Tibet’s revolt making Burmese generals nervous

    In Yangon junta is tightening security around Buddhist religious symbols where anti-regime protests had taken place in September. Soldiers surround the Kaba Aye Monastery. Military government is concerned about some upcoming dates, including Burmese New Year.

    Yangon (AsiaNews) – Protests by Tibetan monks against Chinese oppression are source of deep apprehension among the members of Myanmar’s ruling junta, fearful that it might spark a fresh, new wave of popular demonstrations like the one led by Buddhist monks in September 2007.

    According to Mizzima News, an online news agency, soldiers and anti-riot police surrounded the Kaba Aye Monastery in Yangon, closing the site’s entry gate.

    Sources told AsiaNews that the military government that has run the country formerly known as Burma has tighten security around other religious symbols as well as the heavily-guarded road to the airport.

    The authorities have of course not provided any explanation for the tighter security. But some are speculating that the measures are a prelude to further crackdown on the population and Buddhist monks who might be tempted by anti-Chinese protests in Lhasa.

    The generals might also be a bit touchy because of upcoming events that are important to the military regime, namely Army Day (27 march) and Burmese New Year (17 April).

    The September movement leaders have said for some time that the military government, which has been in power since 1962, “shall not survive this year.”

    There is also the May referendum on the constitution whose success is crucial if the junta wants to gain some international credibility for its “roadmap” towards democracy.

    But in the country the prevailing silence speaks volume as popular dissatisfaction grows by the day. Sources have told AsiaNews that in Yangon and Mandalay people continue to die from hunger; that unemployment is at an historical high; and that the price of gasoline is so high that people are at their wit’s end.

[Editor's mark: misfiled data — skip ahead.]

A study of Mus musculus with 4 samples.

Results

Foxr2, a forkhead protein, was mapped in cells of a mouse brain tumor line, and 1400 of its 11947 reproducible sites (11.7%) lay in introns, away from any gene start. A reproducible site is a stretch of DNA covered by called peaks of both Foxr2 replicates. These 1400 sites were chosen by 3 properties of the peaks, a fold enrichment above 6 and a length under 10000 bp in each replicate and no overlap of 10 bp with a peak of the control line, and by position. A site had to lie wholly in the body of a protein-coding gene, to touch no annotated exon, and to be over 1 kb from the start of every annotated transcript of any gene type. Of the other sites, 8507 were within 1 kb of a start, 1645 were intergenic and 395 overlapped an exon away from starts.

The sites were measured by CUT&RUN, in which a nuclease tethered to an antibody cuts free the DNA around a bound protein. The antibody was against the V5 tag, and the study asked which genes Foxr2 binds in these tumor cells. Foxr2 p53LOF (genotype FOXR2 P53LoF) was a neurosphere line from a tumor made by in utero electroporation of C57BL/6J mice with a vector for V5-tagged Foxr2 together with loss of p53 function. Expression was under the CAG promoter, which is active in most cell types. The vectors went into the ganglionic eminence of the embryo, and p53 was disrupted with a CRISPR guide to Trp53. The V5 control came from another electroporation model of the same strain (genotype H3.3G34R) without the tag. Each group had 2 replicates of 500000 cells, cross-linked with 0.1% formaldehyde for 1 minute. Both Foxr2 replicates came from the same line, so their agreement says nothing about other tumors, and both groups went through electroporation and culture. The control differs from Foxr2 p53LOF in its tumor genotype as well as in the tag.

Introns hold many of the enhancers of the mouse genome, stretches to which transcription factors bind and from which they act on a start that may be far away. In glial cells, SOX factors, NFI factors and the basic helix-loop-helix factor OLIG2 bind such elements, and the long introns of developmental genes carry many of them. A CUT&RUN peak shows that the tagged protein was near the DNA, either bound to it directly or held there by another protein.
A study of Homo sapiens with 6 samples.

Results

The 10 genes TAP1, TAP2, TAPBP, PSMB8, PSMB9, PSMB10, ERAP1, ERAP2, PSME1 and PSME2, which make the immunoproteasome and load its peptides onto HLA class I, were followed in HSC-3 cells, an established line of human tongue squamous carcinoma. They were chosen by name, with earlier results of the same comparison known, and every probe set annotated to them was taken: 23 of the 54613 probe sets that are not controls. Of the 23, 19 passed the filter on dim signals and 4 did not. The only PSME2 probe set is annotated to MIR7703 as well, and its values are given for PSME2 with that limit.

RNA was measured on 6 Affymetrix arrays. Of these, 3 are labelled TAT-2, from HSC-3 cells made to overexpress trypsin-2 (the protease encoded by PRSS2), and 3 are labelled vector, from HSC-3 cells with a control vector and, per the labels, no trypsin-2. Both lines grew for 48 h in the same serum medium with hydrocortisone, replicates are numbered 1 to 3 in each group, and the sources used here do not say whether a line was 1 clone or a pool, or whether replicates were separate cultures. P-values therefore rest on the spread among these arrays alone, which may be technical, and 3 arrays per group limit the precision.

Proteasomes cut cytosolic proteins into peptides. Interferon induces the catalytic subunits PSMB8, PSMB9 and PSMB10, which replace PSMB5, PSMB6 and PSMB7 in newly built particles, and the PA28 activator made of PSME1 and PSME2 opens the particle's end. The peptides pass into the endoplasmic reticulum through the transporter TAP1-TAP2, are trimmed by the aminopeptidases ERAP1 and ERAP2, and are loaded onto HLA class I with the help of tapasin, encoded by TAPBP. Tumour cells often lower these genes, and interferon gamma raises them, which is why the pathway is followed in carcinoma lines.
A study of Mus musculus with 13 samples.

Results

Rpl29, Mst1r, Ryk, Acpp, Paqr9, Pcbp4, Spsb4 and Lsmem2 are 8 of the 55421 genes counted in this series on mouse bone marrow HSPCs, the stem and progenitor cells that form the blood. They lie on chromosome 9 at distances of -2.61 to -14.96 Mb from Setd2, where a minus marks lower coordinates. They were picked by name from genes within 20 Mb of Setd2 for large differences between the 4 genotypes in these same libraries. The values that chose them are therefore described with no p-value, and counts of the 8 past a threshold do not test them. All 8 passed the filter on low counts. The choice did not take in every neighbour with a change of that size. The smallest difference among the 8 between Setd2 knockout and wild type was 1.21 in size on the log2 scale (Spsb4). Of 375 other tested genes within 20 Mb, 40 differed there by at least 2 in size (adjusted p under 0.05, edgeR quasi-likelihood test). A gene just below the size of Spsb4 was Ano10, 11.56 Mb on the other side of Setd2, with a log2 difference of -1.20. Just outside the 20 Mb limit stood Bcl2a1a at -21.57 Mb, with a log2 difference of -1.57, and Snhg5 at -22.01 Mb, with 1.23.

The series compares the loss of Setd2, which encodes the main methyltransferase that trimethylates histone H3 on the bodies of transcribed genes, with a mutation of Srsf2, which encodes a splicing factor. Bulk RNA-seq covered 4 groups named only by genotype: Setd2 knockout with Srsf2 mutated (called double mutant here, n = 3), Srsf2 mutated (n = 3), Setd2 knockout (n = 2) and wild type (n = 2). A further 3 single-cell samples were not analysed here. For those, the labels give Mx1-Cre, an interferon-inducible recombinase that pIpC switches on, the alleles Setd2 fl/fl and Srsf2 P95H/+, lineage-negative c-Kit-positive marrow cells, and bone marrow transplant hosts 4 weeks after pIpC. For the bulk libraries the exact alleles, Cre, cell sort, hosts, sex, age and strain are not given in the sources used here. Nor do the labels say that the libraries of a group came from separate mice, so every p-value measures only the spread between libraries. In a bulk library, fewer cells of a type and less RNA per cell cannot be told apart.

University bus fare was 900 kyat a month. It then jumped to 9,000 and is now 11,000.

    Students cannot get to class by bus and must take the train, cheaper but also less reliable.

    “Living or dying here in Burma mean the same thing,” said a young man in Mandalay who preferred to remain anonymous. “We live in terror with fear of being spied everywhere. We cannot even talk about politics at home. How long will we have to go on like this?”


    17/01/2008 MYANMAR
    After several blasts hit civilians, suspicions fall on Burmese junta
    With yesterday’s, the number of bombings now stands at four in six days. The junta points the finger at Karen rebels but so far no one has claimed responsibility. For Myanmar experts bombings are an old method used by the generals to justify tighter controls and increased repression. Meanwhile unrest in population continues as the UN and EU envoys become the butt of jokes.

    21/03/2008 MYANMAR
    Exiled monks urge new anti-regime protests
    Ahead of the May referendum, the All Burma Monks Association says that abstaining or voting no are not enough to boycott the junta. In an appeal to AsiaNews some Burmese say “We should not fear the truth.”

    19/06/2006 MYANMAR
    Hundreds celebrate Aung San Suu Kyi's birthday despite her house arrest
    Demonstrations take place in Myanmar on pro-democracy leader's birthday despite her ill health and detention. The world and other Noble Peace Prize laureates express solidarity.

    09/11/2005 MYANMAR
    Government moving capital to middle of country
    A new government compound is being built near the town of Pyinmana, 600 km north of Yangon. Reasons for the move are unclear.

    03/10/2007 MYANMAR
    Repression continues, new forms of protests appear in Yangon
    Despite international warnings, troops continue to raid monasteries and private homes at night. Some try fleeing into the jungle. In the capital many residents switch off TV and lights in protest when official evening news bulletin is broadcast carrying the junta’s “truth.” Officer who defected says thousands off dead in the whole country.